What not-so-obvious movements do you think are cults?

Amway.
Really. Maybe not the creepy sexual part (although it would not surprise me) but they hit on every other point.

The parallels between Amway and Scientology are remarkable. Both exist as pyramid selling organisations as their prime purpose. After that it gets ever more uncanny. As if one was reading from the other’s playbook.

Well, of course not. The break room couch is always more comfortable. Gotta put the custodian’s ‘out of service for cleaning sign’ blocking the dooor though.

I worked in a fishbowl and never saw any sex in any break rooms, glass walled conference rooms etc. I worked with software engineers who seemed almost neutered. They hardly even laughed at anything. They were machines. Of course I’m 55 years old and not a babe anymore.

RickJay goes to an Amway recruitment seminar, surreal insanity ensues.

Another great book is Fads and Fallacies in the Name of Science by Martin Gardner. It was published in 1957 but has great examples of cult movements from before that time. The Wikipedia actually has its chapters listed with links to subjects discussed in each one.

https://en.wikipedia.org/wiki/Fads_and_Fallacies_in_the_Name_of_Science

Marie Kondo. I’m just waiting for “If it doesn’t bring you joy, dispose of it!” to be applied to family members and other people.

I see you’ve met my daughter.

The Cult of Peloton.

Not sure about the sex, but who has time for that? You’ve got to do another hunderd miles. Get going!

An excellent book. I used to own a copy, until someone “borrowed” it.

I may be stretching something past the breaking point, but …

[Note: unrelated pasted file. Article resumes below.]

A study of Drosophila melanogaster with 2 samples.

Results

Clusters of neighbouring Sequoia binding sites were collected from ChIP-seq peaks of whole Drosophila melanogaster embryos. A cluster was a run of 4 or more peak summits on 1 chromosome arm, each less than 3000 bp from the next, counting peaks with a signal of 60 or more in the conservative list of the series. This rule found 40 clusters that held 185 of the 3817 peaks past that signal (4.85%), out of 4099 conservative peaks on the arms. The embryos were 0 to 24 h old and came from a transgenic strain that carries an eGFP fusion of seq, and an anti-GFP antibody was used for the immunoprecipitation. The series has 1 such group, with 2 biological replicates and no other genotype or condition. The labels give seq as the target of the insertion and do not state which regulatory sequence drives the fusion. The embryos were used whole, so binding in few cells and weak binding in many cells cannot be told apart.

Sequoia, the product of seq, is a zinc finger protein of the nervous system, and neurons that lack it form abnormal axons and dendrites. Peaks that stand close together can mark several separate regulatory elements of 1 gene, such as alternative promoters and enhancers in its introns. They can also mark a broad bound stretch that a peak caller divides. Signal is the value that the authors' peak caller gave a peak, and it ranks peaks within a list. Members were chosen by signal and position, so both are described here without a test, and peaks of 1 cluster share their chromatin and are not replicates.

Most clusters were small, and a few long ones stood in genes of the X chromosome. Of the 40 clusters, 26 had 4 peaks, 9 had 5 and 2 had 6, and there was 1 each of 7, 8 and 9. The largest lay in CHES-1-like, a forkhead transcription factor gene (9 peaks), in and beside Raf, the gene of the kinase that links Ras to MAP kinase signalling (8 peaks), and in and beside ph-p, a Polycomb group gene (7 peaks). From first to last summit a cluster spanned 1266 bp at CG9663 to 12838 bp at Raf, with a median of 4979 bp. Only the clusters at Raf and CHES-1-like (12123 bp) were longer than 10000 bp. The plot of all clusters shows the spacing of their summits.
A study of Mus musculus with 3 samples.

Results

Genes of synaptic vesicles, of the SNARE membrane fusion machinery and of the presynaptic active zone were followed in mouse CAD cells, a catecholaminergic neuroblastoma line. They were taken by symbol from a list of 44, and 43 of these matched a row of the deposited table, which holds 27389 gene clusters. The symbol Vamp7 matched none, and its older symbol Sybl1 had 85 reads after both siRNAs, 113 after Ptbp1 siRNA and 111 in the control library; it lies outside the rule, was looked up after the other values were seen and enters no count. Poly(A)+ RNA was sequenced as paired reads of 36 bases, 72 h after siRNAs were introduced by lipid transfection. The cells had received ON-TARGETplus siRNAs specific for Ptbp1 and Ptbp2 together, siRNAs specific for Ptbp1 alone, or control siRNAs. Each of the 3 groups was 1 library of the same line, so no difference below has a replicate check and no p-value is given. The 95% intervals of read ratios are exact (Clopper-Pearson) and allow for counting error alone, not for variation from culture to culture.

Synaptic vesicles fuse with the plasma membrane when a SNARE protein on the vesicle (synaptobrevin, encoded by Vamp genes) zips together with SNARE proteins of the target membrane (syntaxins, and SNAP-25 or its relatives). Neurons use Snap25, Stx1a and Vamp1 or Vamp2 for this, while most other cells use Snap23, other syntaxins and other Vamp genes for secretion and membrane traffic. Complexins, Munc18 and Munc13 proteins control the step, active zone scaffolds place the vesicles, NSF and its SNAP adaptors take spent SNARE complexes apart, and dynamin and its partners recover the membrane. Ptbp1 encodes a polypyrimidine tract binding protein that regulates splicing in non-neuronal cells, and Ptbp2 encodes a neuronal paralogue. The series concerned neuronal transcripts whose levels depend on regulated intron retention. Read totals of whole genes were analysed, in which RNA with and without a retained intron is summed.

I work & share off-duty time with lots of 25-35 yo people, mostly women. A surprising number of them have the relationship attitude of “Mr. Perfect might or might not exist, but Mr. SlightlyLessThanPerfect is totally not worth the hassle. I’d far rather be single/unattached/BF-less for life.” I hear some of the same from the men, but from fewer and with less vehemence. This from people in the prime “get married, settle down, and be a family” age group.

And then there’s this article from the UK Guardian. Most of the people mentioned are UK of course, but the article says the same is occurring in the USA and other countries; there’s no reason the practice won’t spread to any culture where it works. At least at first.

There are cultish aspects to the antivax movement. They include charismatic leaders given a near god-like status (Andrew Wakefield), programmed beliefs that have little to nothing in common with reality, extreme suspicion and fear of contradictory ideas and shunning of renegades.

"One American mother, a member of Facebook groups such as “Great Mothers Questioning Vaccines”, was eventually convinced that she had been misguided in not vaccinating her two daughters. But Megan Sandlin recalls that she lost more than 50 friends within a fortnight of “coming out” about her new pro-vaccination status on Facebook.

“People who had cheered me on and supported me through my home birth, who had told me countless times that I was an awesome mother and an inspiration, just dropped me like we’d never been friends at all,” Sandlin wrote in a post titled “Leaving the Anti-Vaccine Movement” on the Voices for Vaccines website.

Sandlin was removed from groups, blocked by strangers, accused of being brainwashed and warned that her daughters would get autism now that they’d been vaccinated. “It hurt,” she wrote. “I now view the anti-vaccine movement as a sort of cult, where any sort of questioning gets you kicked out.”

Closer to home, parents who live in known anti-vaccine cluster areas are so fearful of the wrath of their community they won’t say whether their kids are immunised or not."

The “ammosexual” class of gun owners definitely have cultish characteristics.